So I’d kicked the dust of John Verdon off my feet, and was looking for another mystery to read. “Hey,” I said to myself, “you’re gonna be unemployed soon. Why not check out the public library’s selection?” So I did that.
The public library site is kind of hard to browse, but eventually I hit on Jo Nesbø’s The Snowman, another in his long-running Harry Hole series. And I thought, “I don’t love the Hole books, but this’ll be free. Give him another chance.” So I did that.
Takeaway: A readable, exciting book. Also overcooked and kind of annoying.
Harry Hole (pronounced “hoo-leh”) is an Oslo police detective. His colleagues often joke that he’s a specialist in serial killers, even though Norway has never had a serial killer case (his expertise comes from visits abroad). But now they’ve got one. They just hadn’t realized it.
Every year, when the first snow falls, a woman disappears. She is always a wife and a mother. Because the disappearances happened in different cities, the police never put the cases together.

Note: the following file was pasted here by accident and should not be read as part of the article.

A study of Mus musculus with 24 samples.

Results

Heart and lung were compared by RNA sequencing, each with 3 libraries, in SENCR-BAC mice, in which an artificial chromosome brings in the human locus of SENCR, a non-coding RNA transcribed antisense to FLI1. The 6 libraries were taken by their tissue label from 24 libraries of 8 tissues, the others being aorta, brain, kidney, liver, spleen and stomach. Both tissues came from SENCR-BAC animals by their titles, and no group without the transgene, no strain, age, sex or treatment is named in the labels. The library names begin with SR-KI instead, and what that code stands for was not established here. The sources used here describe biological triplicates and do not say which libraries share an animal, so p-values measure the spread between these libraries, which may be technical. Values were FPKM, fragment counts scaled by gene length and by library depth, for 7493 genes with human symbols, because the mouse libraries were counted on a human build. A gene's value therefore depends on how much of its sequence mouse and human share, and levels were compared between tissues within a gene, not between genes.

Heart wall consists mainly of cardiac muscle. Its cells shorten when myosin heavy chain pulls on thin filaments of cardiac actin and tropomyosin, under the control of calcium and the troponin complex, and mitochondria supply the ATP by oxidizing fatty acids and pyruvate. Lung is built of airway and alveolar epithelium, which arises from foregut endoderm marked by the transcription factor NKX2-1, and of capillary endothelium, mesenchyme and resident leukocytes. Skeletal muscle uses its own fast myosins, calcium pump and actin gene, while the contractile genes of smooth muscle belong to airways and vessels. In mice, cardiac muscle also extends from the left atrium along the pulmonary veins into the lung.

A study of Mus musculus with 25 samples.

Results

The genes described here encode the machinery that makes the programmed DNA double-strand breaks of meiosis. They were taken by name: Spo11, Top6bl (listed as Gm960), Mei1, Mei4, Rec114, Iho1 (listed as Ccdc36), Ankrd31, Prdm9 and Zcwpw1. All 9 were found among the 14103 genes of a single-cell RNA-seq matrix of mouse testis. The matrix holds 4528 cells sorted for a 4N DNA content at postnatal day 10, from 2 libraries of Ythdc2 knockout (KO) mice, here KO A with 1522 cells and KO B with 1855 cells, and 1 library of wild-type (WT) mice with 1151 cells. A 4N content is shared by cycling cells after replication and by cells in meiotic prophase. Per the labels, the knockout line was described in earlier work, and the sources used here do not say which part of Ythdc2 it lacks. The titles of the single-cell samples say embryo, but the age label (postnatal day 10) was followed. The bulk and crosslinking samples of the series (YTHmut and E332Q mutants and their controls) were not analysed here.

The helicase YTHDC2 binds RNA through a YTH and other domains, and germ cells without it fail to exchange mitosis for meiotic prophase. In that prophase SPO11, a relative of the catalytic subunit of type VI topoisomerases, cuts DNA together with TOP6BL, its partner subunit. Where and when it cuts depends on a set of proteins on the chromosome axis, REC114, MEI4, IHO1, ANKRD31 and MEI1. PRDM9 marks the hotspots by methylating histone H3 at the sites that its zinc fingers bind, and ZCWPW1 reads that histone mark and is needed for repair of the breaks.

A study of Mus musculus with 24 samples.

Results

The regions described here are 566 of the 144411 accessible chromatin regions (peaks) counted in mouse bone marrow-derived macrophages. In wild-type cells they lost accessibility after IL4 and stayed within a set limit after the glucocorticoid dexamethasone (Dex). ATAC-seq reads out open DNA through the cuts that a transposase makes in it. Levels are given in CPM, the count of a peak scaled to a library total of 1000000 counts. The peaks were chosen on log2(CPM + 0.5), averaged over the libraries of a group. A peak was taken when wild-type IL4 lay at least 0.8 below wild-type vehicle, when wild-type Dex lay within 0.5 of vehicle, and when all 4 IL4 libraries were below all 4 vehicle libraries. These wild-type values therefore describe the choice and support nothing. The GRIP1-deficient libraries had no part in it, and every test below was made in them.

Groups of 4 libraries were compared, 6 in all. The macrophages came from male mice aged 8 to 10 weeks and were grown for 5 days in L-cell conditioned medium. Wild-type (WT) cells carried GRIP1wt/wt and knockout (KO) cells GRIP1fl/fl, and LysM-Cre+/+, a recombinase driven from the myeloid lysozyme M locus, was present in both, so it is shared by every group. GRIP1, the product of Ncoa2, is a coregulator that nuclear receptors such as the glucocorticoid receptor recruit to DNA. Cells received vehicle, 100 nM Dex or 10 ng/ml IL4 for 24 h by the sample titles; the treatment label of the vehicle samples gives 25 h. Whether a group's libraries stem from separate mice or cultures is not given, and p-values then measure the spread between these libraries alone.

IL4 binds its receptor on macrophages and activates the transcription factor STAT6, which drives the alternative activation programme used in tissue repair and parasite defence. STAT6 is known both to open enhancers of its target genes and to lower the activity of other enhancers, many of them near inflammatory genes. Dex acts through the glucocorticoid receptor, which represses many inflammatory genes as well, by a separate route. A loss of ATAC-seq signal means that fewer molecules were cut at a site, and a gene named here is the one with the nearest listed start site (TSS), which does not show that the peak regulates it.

Now Harry Hole, assisted by an attractive new partner, discovers the connection. This will lead them on a hunt that will touch Harry personally. There are multiple red herrings. The climax is thrilling but implausible, perfect for a movie (and indeed a movie has been made of this book). That’s followed by an epilogue that, frankly, made no sense at all to me.
Author Nesbø has stated that Michael Connelly’s Harry Bosch was an inspiration for Harry Hole. Maybe. But Bosch is a far more appealing and principled character. Harry Hole is a self-destructive alcoholic who pushes all love out of his life. I can’t find a way to like him. And the action at the end of the book was over the top and confusing.
The Snowman is an exciting read, and it’ll keep your interest. You may like it more than I did. Cautions for language, adult situations, and gore.